DEFRA secretary Caroline Spelman has called for an agricultural revolution to feed a global population expected to reach 9bn within 40 years.
Opening up global commodity markets would reduce price volatility and benefit the world’s poorest people, she said. An integrated approach to food security was vital to reduce poverty, tackle climate change and reduce biodiversity loss.
“The UK government is determined to show the international leadership needed to make that happen,” said Mrs Spelman.
Unlocking an agricultural revolution in the developing world could be achieved by improving access to knowledge, technology, markets and infrastructure. “To fuel this revolution, we must open up global markets, boost global trade and make reforms that help the poorest,” Mrs Spelman said. “Trade restrictions must be avoided, especially at times of scarcity.”
Price volatility should be reduced by building trust and cooperation – and by creating greater transparency around the true levels of food stocks.
Her comments came as experts said the global food system must be urgently redesigned to feed the world healthily and sustainably.Much-anticipated findings from the Foresight Global Food and Farming Futures project were published on Monday (24 January).
The project involved around 400 leading experts and stakeholders from about 35 countries across the world. Researchers explored the increasing pressures on the global food system as the world’s population heads towards 9bn by 2050.
Their findings draw upon more than 100 specially commissioned and peer-reviewed evidence papers.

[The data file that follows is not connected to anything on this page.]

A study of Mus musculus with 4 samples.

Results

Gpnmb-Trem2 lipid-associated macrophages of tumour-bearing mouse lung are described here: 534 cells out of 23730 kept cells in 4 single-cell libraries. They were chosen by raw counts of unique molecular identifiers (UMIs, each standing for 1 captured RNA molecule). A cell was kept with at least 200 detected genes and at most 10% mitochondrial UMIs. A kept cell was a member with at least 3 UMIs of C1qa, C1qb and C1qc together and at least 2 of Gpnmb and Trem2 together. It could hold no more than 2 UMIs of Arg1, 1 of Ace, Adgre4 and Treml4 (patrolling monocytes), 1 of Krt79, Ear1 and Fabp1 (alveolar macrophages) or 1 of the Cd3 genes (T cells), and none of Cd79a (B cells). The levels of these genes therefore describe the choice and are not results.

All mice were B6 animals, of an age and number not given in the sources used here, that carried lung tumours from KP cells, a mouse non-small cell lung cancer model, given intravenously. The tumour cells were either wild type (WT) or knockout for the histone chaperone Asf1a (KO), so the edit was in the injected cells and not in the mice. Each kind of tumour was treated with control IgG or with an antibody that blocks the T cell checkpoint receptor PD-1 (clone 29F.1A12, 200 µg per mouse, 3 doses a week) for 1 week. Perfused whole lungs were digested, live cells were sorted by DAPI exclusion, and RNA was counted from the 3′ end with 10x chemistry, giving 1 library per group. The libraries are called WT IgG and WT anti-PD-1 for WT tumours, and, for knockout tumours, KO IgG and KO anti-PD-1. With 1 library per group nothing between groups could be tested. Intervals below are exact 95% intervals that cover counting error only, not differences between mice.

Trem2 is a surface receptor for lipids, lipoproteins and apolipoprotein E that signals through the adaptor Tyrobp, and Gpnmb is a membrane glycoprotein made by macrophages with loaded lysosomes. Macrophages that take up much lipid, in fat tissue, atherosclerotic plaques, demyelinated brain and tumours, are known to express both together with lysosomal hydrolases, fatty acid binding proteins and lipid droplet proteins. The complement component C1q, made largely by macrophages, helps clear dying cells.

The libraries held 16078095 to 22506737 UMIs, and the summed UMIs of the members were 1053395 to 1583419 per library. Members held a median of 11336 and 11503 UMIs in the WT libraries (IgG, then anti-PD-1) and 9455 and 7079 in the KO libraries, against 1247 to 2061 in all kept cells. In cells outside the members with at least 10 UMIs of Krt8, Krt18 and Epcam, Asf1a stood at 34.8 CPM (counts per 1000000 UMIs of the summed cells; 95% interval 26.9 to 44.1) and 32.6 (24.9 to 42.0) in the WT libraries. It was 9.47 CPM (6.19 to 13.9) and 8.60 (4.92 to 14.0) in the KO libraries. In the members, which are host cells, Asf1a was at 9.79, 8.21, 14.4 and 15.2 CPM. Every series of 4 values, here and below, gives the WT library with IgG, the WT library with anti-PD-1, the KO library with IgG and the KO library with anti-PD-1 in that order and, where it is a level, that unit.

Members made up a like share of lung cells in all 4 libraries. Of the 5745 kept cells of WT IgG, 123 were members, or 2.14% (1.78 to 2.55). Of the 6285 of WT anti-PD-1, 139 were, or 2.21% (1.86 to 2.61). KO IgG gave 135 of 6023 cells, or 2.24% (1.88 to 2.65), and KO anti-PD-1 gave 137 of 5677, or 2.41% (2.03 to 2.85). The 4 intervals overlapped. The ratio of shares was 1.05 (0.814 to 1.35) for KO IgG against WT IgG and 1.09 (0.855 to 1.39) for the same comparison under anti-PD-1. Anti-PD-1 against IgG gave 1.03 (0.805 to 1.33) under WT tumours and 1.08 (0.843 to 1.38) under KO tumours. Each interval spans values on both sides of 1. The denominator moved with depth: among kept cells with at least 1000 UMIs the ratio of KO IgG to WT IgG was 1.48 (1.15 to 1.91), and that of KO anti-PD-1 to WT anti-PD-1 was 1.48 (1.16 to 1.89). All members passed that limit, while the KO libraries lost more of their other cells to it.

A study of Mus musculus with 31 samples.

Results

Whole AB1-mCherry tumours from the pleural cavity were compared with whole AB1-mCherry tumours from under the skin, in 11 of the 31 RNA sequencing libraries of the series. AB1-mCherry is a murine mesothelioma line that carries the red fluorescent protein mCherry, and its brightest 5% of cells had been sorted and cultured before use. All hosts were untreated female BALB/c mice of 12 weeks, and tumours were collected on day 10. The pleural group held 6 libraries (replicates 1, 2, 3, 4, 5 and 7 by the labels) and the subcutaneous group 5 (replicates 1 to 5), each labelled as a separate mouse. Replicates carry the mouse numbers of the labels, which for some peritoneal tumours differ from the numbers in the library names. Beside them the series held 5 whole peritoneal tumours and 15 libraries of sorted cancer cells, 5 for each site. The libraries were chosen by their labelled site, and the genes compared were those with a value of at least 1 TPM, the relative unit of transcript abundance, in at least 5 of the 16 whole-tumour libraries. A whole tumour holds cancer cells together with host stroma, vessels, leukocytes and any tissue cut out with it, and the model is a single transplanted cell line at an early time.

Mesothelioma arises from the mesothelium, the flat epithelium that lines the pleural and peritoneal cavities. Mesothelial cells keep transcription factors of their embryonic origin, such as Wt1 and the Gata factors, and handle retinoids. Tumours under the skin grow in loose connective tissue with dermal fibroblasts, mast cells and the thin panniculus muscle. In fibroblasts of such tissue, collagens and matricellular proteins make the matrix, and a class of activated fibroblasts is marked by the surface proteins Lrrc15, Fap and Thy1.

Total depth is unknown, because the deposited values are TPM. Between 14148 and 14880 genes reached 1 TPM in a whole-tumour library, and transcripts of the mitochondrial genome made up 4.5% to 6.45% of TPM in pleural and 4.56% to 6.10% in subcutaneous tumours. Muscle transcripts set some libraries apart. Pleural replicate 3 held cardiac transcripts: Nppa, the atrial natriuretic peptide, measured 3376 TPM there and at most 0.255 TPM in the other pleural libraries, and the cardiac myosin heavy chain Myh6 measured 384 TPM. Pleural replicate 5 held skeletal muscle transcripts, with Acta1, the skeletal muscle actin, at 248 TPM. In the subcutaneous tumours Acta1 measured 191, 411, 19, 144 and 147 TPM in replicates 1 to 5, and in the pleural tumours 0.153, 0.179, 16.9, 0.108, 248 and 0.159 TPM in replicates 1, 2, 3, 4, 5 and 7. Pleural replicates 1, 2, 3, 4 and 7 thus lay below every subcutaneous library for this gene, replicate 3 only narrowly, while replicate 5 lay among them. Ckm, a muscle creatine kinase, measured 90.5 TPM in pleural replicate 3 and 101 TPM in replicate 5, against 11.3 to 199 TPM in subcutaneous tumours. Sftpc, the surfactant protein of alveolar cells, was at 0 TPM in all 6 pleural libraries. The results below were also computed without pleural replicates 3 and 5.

The Foresight report says efforts to end hunger internationally are already stalling. Without decisive action food prices could rise substantially over the next 40 years, making the situation worse, it warns.
Social tensions will increase as more of the world suffers from hunger, says the report, as will the threat of conflict and migration. Wider economic growth will also be affected unless action is taken, it predicts.
Action is needed across many fronts, says the document, from changing diets to eliminating food waste.
The Foresight programme is headed by Professor Sir John Beddington, who is also the government’s chief scientific adviser. The food system was unsustainable, he said, with resources being used faster than they can be naturally replenished.
“It is crucial that a wide range of complementary actions from policy makers, farmers and businesses are taken now. Urgent change is required throughout the food system to bring sustainability centre stage and end hunger.
“It is also vital for other areas, such as climate change mitigation, conflict, and economic growth.”
The report highlights three important areas for change. They include minimising waste in all areas of the food system; balancing supply and supply; and reducing policies that disadvantage poor countries.
An amount of food equivalent to about a quarter of today’s annual production could be saved by 2050 if global food waste was halved, the report says. Balancing supply and demand could include measures that result in consumers choosing products that promote sustainability, it adds.
Reducing subsidies and trade barriers could help to ease restrictions that amplify shocks in the food system, raising prices further.